Wednesday, 02 October 2019 22:08

From Staff Reports


Asheville Police Chief Chris Bailey, who was named to the post in June and began his new job on July 26, recently announced his plans to resign for “personal reasons,” effective Sept. 27.

A new police chief is expected to be named by December and begin work by late January, the city announced in a Sept. 23 news release.

In the interim, retired Chief Robert C. White has been hired to serve as interim city police chief, beginning Oct. 1. White has more than 40 years’ experience in law enforcement. In the brief period between Bailey’s departure and White’s arrival, APD deputy chiefs Wade Wood and James “Jim” Baumstark ran the APD.

“Asheville officials and Bailey cited ‘personal reasons’ for his departure, but a 15-year-old criminal incident has been unearthed that could have potentially cost Bailey the job, according to North Carolina Department of Justice rules,” the Asheville Citizen Times reported on Sept. 24. “City officials maintain that it is not related to the resignation.”

Recruiters for the Police Executive Research Forum are seeking new chief candidates, the city release noted.

Following is the text of the city’s press release, headlined “Asheville police chief to resign for personal reasons,” and posted Sept. 11 on the city’s website:

Asheville Police Chief Chris Bailey has given notice of his resignation for personal reasons which need his attention. Chief Bailey’s last day of employment will be September 27, 2019.

“I appreciate the opportunity and confidence the City Manager and selection committee had in me to lead the great women and men of the Asheville Police Department,” said Chief Bailey. 

“I cannot say enough great things about my experience here. The support I have received from the police department, city management and community has been incredible. It has been heartbreaking for me to come to this decision after being embraced by so many.” 

 City Manager Debra Campbell acknowledges this is disappointing news for the community of Asheville. “While this news is unfortunate, we continue to be committed  to hiring a police chief who demonstrates the ability to meaningfully connect with the community and fellow police officers,” Campbell said. “I hate to see Chris go, but I respect his decision.”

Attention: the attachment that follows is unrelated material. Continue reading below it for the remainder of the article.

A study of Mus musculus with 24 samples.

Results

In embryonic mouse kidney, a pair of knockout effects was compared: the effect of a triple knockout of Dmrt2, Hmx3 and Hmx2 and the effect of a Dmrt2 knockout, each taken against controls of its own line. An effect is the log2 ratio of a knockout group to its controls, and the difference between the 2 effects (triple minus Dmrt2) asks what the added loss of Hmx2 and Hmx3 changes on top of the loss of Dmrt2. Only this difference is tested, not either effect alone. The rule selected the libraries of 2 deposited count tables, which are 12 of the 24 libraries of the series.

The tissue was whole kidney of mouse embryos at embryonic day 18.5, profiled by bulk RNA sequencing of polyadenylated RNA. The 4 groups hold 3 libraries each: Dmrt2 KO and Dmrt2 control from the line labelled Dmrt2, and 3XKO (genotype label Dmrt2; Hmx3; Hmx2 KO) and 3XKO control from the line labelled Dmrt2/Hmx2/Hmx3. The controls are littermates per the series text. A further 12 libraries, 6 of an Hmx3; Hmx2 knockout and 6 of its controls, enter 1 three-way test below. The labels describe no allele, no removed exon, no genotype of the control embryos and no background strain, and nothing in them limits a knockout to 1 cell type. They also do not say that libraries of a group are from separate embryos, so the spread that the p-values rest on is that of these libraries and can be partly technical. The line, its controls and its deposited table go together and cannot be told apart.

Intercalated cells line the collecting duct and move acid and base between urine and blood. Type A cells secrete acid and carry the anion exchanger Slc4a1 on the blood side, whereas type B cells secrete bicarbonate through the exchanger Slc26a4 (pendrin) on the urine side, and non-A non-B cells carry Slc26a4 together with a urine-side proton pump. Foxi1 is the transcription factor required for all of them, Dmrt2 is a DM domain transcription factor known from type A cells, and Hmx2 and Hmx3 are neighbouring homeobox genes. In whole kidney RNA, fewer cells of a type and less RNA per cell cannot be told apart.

A new police chief is anticipated to start in January 2020. The Police Executive Research Forum (PERF) will conduct the search.

In the interim, the City will contract with Chief Robert C. White (Retired) to serve as Interim Chief.  Chief White is a former police chief with 40-plus years in law enforcement that focused on increasing transparency, work efficiencies, and key partnerships between police officers and the communities they serve. He served as police chief in Denver, CO, Louisville, KY, and Greensboro, NC.

Chief White will begin Oct. 1 and will continue efforts in the following areas: 

• Implementation of the written consent policy;

• Rollout of Ethical Policing is Courageous (EPIC) training for officers; and

• Building a department, from top to bottom, that resembles the demographic makeup of our Asheville community. 

 The City is aware of the circulation of information regarding charges against Chief Bailey. Chief Bailey was involved in an incident that resulted in a misdemeanor. This information was voluntarily shared by the chief at the beginning of the interview process and is in no way related to his decision to resign. The incident took place 15 years ago and was not associated with his service as a police officer. Chief Bailey has had an exemplary record in his service as a law enforcement officer.